Canada Markets

Grain Flows to the South Above Average

Cliff Jamieson
By  Cliff Jamieson , Canadian Grains Analyst

While the latest round of NAFTA negotiations continues in Montreal, DTN Ag Policy Editor Chris Clayton notes U.S. President Donald Trump stating, "NAFTA is moving along pretty well. I happen to be of the opinion that if it doesn't work out, we'll terminate it. But I think you're doing pretty well ... from what I understand. So we'll see how it all works out." The stakes remain high, with media reports suggesting that 20% of Canada's GDP is tied to NAFTA trade.

Meanwhile, grain continues to flow south at an above-average pace. As seen on the attached chart, the Canadian Grain Commission reports 615,900 metric tons of wheat (excluding durum) has been shipped to the United States in the August-through-December period, up 57.4% from the same period last crop year, higher than the five-year average and the largest volume shipped during this period in four years.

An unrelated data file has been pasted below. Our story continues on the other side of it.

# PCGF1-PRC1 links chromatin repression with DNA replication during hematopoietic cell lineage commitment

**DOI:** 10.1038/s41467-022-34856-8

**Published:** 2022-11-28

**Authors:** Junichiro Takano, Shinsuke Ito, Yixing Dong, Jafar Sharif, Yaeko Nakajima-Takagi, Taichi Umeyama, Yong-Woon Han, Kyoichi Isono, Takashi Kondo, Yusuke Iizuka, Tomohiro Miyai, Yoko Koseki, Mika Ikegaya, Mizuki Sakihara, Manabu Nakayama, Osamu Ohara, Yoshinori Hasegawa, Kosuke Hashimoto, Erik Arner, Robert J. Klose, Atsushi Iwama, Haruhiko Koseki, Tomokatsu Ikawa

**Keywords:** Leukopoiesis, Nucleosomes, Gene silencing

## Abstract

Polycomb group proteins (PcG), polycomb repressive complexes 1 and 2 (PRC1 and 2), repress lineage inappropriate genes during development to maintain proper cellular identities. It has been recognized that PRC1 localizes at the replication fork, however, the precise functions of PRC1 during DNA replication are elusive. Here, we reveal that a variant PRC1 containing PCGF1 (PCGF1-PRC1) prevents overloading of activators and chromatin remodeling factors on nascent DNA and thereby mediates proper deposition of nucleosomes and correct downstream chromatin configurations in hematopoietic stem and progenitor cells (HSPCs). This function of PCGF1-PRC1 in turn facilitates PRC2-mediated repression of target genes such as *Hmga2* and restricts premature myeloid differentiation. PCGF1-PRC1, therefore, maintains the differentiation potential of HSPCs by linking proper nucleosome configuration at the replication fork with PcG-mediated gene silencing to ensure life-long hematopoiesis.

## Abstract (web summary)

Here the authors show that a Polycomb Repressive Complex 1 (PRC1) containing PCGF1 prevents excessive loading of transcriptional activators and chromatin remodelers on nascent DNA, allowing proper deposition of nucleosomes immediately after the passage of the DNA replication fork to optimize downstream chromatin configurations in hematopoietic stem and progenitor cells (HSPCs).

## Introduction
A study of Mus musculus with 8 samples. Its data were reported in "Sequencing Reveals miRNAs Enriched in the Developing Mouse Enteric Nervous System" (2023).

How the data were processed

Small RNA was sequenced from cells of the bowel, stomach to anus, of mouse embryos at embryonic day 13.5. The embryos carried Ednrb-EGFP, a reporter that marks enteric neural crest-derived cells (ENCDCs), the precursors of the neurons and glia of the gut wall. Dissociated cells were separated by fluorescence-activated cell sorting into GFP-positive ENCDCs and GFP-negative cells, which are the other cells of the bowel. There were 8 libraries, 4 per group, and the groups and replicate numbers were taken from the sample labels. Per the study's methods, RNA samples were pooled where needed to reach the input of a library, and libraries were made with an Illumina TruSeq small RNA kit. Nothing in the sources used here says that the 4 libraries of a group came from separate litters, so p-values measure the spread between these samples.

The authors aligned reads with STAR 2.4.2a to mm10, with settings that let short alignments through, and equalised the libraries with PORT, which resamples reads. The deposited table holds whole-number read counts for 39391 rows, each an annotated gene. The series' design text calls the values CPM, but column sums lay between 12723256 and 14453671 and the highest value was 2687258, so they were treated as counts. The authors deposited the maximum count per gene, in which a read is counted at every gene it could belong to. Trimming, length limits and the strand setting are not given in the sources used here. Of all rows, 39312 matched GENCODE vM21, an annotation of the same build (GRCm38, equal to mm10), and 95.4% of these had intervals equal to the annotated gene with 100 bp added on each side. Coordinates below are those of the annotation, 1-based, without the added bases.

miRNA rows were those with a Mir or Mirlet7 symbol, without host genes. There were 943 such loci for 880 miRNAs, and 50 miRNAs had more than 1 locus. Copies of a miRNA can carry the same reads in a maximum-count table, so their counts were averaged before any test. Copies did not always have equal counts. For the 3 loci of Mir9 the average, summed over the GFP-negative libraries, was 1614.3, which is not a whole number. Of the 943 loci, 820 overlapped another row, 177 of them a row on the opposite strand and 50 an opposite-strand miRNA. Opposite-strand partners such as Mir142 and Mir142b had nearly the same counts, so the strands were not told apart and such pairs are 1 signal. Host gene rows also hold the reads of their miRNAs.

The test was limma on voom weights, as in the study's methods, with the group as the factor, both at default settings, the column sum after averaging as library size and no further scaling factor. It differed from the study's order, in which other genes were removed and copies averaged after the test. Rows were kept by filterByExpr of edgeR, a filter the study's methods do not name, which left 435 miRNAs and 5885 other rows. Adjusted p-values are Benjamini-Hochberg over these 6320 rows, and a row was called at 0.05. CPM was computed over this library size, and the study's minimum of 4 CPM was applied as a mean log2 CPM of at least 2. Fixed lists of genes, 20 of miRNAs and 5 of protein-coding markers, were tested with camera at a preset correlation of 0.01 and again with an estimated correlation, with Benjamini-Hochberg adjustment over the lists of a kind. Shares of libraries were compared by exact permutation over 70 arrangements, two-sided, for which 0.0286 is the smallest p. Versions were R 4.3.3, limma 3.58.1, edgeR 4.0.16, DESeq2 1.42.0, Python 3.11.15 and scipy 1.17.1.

The same report shows 204,100 mt of durum shipped in this five-month period, up 375% from the same period last year, well above the five-year average and the largest volume shipped in this period in CGC data going back to 2009/10.

The January USDA supply and demand tables saw a modest increase in the forecast import volumes for hard red spring wheat and durum since the December report, with total red spring imports forecast at 75 million bushels (2 million metric tons), up 79% from 2016/17. Durum exports are forecast at 47 mb (1.3 mmt), up 57% from the 2016/17 crop year.

Another grain that sticks out on the chart is the movement of oats. As of December 630,300 mt of oats has been shipped, up 37.8% from the same period last crop year and a similar percentage above the five-year average. This is the largest volume shipped in this period in nine years. The latest USDA estimates indicate an expected 100 mb or 1.5 mmt to be imported this crop year, up just 11% from the previous crop year.

Of the grains shown, only the movement of canola trails year-ago volumes, while the movement of barley is the only grain to trail the five-year average.